Alumnus, 2001-2002; Program Documentarian, 2010 & 2012

Jonathan Ade attended the Workshop in playwriting from 2001-2002, joined the residential staff as a teacher and counselor from 2007-2009, and filmed documentaries of the program in 2010 and 2012. He is the director of the film, Lay in Wait. Find him online here.

Where are you living and what brought you there?

I came to Los Angeles (at first, begrudgingly) because I’ve always wanted to write and direct my own films, and it’s simply the most diverse place to get projects off the ground. Since I’ve moved, I’ve written and directed three short films, with the fourth scheduled to go into production in April of 2013.

Where are you working and what do you enjoy about it?

I am a full-time film and video editor at Fourth Wall Studios, a new kind of media company that specializes in interactive narratives. You can see what we’re working on at rides.tv. As someone who has had to work within the unrewarding environment of the reality television genre, it’s really a relief to finally be working on narrative content. There’s a real sense of adventure at finding new ways of telling stories, and that’s very exciting.

What do you find yourself most often reading/listening to lately and why?

Beyond filmmaking, I can’t shake my enduring love for non-fiction. There’s a stack of New Yorkers next to my bed about a good six inches high, and week after week, they keep piling up. I’ve also been endlessly fascinated with historical figures who feel buoyed by near-death experiences, especially Teddy Roosevelt. Right now, I’m reading about his fateful trip down the Amazon River in River of Doubt by Candice Millard. I often find nonfiction to be a greater source of inspiration for my screenplays than fiction. Verisimilitude is baked in.

What are you working on right now and what does it represent in the larger body of your artistic accomplishments?

Outside of my work with Fourth Wall, I’m finishing the third film in my “Meditations” series, a narrative cycle about small, meaningful moments in everyday life. That film is scheduled to be completed in November. Meanwhile, my team is ramping up preproduction on a new project, a story about a young married woman who loses her wedding ring while having an affair. I think that writing and directing these projects have been important incremental stepping stones to my development as a writer and as a filmmaker. Each film is a little more ambitious than the last, and each one feels more fully realized in its execution.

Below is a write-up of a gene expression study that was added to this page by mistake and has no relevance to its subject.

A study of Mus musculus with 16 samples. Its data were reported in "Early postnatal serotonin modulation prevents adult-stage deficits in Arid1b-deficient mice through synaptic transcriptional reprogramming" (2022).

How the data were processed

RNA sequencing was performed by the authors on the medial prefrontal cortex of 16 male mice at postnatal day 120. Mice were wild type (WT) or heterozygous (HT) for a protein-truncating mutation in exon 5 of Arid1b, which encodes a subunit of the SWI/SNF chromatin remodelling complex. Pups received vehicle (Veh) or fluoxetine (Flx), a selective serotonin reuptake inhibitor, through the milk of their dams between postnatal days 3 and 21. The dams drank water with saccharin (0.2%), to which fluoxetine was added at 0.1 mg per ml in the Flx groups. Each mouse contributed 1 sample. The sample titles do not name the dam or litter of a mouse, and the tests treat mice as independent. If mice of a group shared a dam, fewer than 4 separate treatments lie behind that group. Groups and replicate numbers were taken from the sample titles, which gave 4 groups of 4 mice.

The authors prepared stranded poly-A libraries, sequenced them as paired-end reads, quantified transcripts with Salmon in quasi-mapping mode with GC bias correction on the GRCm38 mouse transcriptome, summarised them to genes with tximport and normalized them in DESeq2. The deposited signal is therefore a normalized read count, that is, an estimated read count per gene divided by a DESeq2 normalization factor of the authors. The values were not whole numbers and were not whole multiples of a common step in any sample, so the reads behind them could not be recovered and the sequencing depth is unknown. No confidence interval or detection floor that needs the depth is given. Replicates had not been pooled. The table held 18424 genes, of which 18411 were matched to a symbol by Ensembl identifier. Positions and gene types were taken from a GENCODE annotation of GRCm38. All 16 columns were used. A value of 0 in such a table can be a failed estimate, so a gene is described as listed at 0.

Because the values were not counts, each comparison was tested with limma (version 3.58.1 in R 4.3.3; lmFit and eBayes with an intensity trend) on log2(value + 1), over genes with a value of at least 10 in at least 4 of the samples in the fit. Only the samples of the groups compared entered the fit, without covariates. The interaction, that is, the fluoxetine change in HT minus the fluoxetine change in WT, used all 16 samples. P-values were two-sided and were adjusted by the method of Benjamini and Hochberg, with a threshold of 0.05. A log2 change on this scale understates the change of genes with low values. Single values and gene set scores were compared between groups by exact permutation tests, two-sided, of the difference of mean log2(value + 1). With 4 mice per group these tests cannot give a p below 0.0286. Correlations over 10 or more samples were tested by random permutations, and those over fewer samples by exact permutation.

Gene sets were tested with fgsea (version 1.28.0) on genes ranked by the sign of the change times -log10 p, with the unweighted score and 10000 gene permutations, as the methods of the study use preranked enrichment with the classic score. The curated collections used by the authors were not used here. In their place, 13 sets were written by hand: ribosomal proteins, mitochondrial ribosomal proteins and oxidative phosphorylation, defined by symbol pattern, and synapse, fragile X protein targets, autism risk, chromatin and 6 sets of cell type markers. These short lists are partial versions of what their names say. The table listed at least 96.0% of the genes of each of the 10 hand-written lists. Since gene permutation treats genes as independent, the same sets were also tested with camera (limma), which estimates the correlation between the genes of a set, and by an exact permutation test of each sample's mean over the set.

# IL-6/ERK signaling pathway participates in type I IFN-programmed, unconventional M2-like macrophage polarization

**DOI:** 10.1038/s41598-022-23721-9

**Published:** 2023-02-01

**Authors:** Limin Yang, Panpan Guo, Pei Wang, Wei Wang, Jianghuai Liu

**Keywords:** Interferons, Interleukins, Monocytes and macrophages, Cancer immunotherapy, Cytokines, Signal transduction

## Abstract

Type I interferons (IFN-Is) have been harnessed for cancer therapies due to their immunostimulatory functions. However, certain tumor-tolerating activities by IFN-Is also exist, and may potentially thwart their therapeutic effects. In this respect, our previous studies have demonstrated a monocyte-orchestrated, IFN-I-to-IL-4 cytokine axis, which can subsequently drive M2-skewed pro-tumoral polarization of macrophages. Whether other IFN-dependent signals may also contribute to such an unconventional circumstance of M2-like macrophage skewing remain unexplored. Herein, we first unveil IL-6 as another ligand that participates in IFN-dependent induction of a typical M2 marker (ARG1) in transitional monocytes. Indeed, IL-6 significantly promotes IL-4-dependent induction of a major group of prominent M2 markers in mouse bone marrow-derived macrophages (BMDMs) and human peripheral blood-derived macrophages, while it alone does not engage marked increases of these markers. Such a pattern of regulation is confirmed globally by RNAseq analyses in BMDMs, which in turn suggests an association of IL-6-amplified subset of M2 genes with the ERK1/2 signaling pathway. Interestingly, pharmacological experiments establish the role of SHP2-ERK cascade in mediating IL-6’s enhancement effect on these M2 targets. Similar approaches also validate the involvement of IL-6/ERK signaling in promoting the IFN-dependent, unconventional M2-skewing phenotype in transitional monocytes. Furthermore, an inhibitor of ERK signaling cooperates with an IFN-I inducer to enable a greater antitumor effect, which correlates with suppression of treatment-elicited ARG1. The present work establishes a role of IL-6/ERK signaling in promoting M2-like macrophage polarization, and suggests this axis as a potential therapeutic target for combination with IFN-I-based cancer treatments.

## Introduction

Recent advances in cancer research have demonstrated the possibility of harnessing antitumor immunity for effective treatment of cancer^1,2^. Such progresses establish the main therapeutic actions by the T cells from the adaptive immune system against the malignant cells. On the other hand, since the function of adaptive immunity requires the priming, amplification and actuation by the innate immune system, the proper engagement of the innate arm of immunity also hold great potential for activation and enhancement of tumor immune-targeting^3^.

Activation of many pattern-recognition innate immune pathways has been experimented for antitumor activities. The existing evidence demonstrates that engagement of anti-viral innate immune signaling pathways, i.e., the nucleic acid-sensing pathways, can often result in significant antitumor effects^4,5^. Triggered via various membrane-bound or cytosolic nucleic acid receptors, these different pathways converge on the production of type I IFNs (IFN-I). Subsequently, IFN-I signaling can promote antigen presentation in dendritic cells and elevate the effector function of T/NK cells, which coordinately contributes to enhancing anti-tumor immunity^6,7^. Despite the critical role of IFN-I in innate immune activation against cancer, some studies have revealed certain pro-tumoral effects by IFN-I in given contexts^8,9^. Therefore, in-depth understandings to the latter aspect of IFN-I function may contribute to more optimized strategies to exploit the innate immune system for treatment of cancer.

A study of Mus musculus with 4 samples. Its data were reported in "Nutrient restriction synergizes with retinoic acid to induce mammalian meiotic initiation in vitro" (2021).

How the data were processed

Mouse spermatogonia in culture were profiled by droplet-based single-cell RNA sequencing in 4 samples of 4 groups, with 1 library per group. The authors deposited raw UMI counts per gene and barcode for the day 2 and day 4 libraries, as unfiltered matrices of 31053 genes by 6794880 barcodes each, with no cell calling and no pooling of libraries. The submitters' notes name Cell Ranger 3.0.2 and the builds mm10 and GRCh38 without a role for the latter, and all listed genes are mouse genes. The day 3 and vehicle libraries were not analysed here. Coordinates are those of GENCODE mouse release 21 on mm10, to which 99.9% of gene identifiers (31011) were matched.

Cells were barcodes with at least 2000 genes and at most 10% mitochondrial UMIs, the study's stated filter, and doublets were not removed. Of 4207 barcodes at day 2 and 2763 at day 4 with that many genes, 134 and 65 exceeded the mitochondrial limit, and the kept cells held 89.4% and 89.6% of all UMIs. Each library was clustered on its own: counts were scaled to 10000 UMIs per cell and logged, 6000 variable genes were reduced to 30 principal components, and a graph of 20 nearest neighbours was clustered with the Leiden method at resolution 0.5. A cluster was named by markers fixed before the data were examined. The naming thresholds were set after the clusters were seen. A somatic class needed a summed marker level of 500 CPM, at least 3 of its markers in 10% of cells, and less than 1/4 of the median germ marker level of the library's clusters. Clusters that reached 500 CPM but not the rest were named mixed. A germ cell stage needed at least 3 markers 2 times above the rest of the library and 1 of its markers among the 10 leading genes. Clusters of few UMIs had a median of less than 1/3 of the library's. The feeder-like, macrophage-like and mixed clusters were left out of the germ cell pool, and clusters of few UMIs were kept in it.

What are your publications, performances, albums, and/or achievements that seem most important to you at this point in time?

My previous short in the Meditations series, “Meditations: Supper” has been honored at the Big Muddy Film Festival in Carbondale, IL, the Clifton Film Festival in Virginia (where it won the prize for Best Cinematography), the San Francisco New Media Film Festival (where it won “Best Film shot on Red”), the Los Angeles Movie Awards, NewFilmmakers Los Angeles, the Cine Gear Expo, the Woods Hole Film Festival, the Indianapolis Film Festival and most recently, the Hollywood Film Festival.And, as a special treat this last summer, “Supper” was presented at the Young Writers Workshop, Session 2.

How would you characterize the value of your YWW teaching experience in the larger context of who you are as a writer/artist?

It’s really difficult to estimate just how much Young Writers changed my life. I can’t even imagine the person I would be if I didn’t attend as a teenager, or return as a counselor five years later. I would carry myself differently, I would look strange, I would harbor some kind of ache that I’d yearn to even identify. I would be somebody else, someone unimaginably timid. What Young Writers taught me, ultimately, was that “artist” is not a dirty word. It taught me that to fully embrace your identity as an artist, and as a writer in particular, was not only a valid idea but a necessary step. It took a long time for that to sink in, but I can’t tell you how happy it’s made me once I fully realized it. My small part in making that experience happen for other students has made me a kinder, more thoughtful filmmaker, and I think we’re in dire need of thoughtful filmmaking.

What’s the best advice you can give a Young Writer (in general or in your specific genre)?

Don’t wait. Wherever you are, sit down, grab a pen, and look at the blank page like an invitation. When you’re ready, start writing. That’s all it ever takes.